As Hawaii celebrates the 60th anniversary of the State’s admission into the Union, there continue to be some observers who think statehood was a mistake.
Look more closely at their reasons, however, and you will see arguments against annexation, not statehood.
Hawaii was a kingdom from 1810 until 1893, and then became a republic in 1894. The monarchy lasted for less than a century, and was not able to prevent outsiders from coming into Hawaii and gaining significant power. These outside interests forced a change in the Constitution. In 1893, when Queen Lili’uokalani tried to rewrite the constitution and take back the power of the monarchy, the powerful business interests were able to overthrow the monarchy entirely.
President Grover Cleveland of the United States said that the overthrow was illegal, but the U.S. government had no power over Hawaii. The most powerful business interests were American, but Great Britain and France also had significant interests there. Worrying that European powers would colonize Hawaii, the American business community in Hawaii worked with the U.S. government to annex Hawaii in 1889. By 1900, Hawaii was a territory of the United States, along with Puerto Rico, Guam, and the Philippines.
Was annexation good for Hawaii?
At the time, the United States was concerned about European power in the Americas. The U.S. was also flirting with imperialism. There was certainly a lack of respect for the native people of Hawaii, who generally did not want annexation and protested against it. The beginning of the Spanish-American War made the U.S. government feel an urgent need for an offshore military base.
American writers of the time, like Curtiss James, worried that the native Hawaiian population, already much smaller by then than it had been when Europeans first visited the islands, would not be able to defend their nation against other nations. James wrote that it was obvious to him that “it is impossible for the islands to maintain their independence for any length of time.”
“Indeed,” he wrote, the question is not annexation — for this is inevitable — but to which country shall Hawaii be annexed? Shall it be England, Japan, or the United States?”
Annexation of Hawaii would not be the choice the United States would make today. However, it took place long before statehood. Hawaii came under the protection and the power of the United States, and the land was added to the property of the United States. People who refer to statehood for Puerto Rico as “annexation” are mistaken; Puerto Rico already belongs to the United States. Equally, Hawaii by the time of statehood had belonged to the United States for as long as Hawaii has now been a state.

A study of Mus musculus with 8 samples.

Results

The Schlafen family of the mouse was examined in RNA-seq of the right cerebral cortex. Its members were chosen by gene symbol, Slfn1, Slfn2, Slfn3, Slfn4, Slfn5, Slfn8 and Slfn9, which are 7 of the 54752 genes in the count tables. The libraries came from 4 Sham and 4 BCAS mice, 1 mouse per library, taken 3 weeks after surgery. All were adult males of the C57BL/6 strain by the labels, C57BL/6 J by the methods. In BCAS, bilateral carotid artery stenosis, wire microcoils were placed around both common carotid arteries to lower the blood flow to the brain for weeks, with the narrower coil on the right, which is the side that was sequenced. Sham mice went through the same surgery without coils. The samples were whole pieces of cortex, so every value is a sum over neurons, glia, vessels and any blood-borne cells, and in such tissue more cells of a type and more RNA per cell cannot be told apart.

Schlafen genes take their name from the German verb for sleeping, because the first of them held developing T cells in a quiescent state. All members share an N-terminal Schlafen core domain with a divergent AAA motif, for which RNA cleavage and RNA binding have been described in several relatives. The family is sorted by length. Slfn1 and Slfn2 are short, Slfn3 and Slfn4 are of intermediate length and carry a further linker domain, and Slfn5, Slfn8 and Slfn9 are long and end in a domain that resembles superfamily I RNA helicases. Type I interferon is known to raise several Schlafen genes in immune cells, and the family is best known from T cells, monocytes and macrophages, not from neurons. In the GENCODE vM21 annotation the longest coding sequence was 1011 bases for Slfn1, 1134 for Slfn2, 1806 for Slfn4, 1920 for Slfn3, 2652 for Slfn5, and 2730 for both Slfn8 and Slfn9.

The annexation of Hawaii was controversial then and may still be controversial now, but it was a completely separate event from statehood. The use of the term “annexation” for statehood may be part of the confusion on the part of those who think that Hawaii went directly from being a monarchy to being a State.
By the time the U.S. annexed Hawaii, there had already been efforts to stifle the Hawaiian culture. The teaching of the Hawaiian language was forbidden in schools, the hula had been suppressed by missionaries, and the native Hawaiians were outnumbered by Asian, American, and European settlers who often held the overtly racist attitudes that were common at the time.
Being a territory was not good for everyone in Hawaii. Special tax deals for American companies led to greater prosperity for the owners of sugar plantations, pineapple plantations, and Macadamia nut plantations, but native and immigrant workers alike toiled under oppressive conditions.
With no voting representatives in the federal government — just as Puerto Rico now has no senators or voting members of Congress — the people of Hawaii had little recourse.
Since statehood, the Hawaiian language has been promoted and is an official language of Hawaii. The language is still considered endangered, but its use is increasing. The size of the native Hawaiian population is also increasing; now about 20% of Hawaii residents are identified as native Hawaiians.
Independence was not on the ballot for Hawaii when they voted for statehood. The options were to remain a territory or to become a state. Most native Hawaiians did not vote, according to some Hawaiian scholars, though claims that they were not allowed to are not supported by evidence.
The National Archives report that territory status was beneficial for the few:
As a territory, Hawaii had little power in the United States government, holding only one, non-voting representative in the House. The territory status allowed rich, white plantation owners to import cheap labor and export their products to the mainland with low tariffs. These landowners used their power to keep Hawaii in territorial status.
Native Hawaiians and non-white Hawaiian residents, however, began to push for statehood. These residents wanted the same rights as U.S. citizens living in one of the 48 states. They wanted a voting representative in Congress and the right to elect their own governor and judges, who were currently appointed.
Over the course of the next 50 years, the Territory of Hawaii worked to achieve statehood.
Since statehood, there have been many attempts to provide self-determination for native Hawaiians, specifically the descendants of the subjects of the Hawaiian royal family living in Hawaii in the 1700s and 1800s. These efforts have in many cases tried to give this population a similar arrangement to that of Native Americans and Alaskan Natives.
A 1996 vote showed a 3 to 1 preference for some kind of self-government, though no details were given. Some sovereignty groups objected to the vote on the grounds of low turnout, and no action was taken.
Rather than harming Hawaii, statehood ended the excessive power taken by individuals and corporations in Hawaii both during and after the overthrow of the monarchy.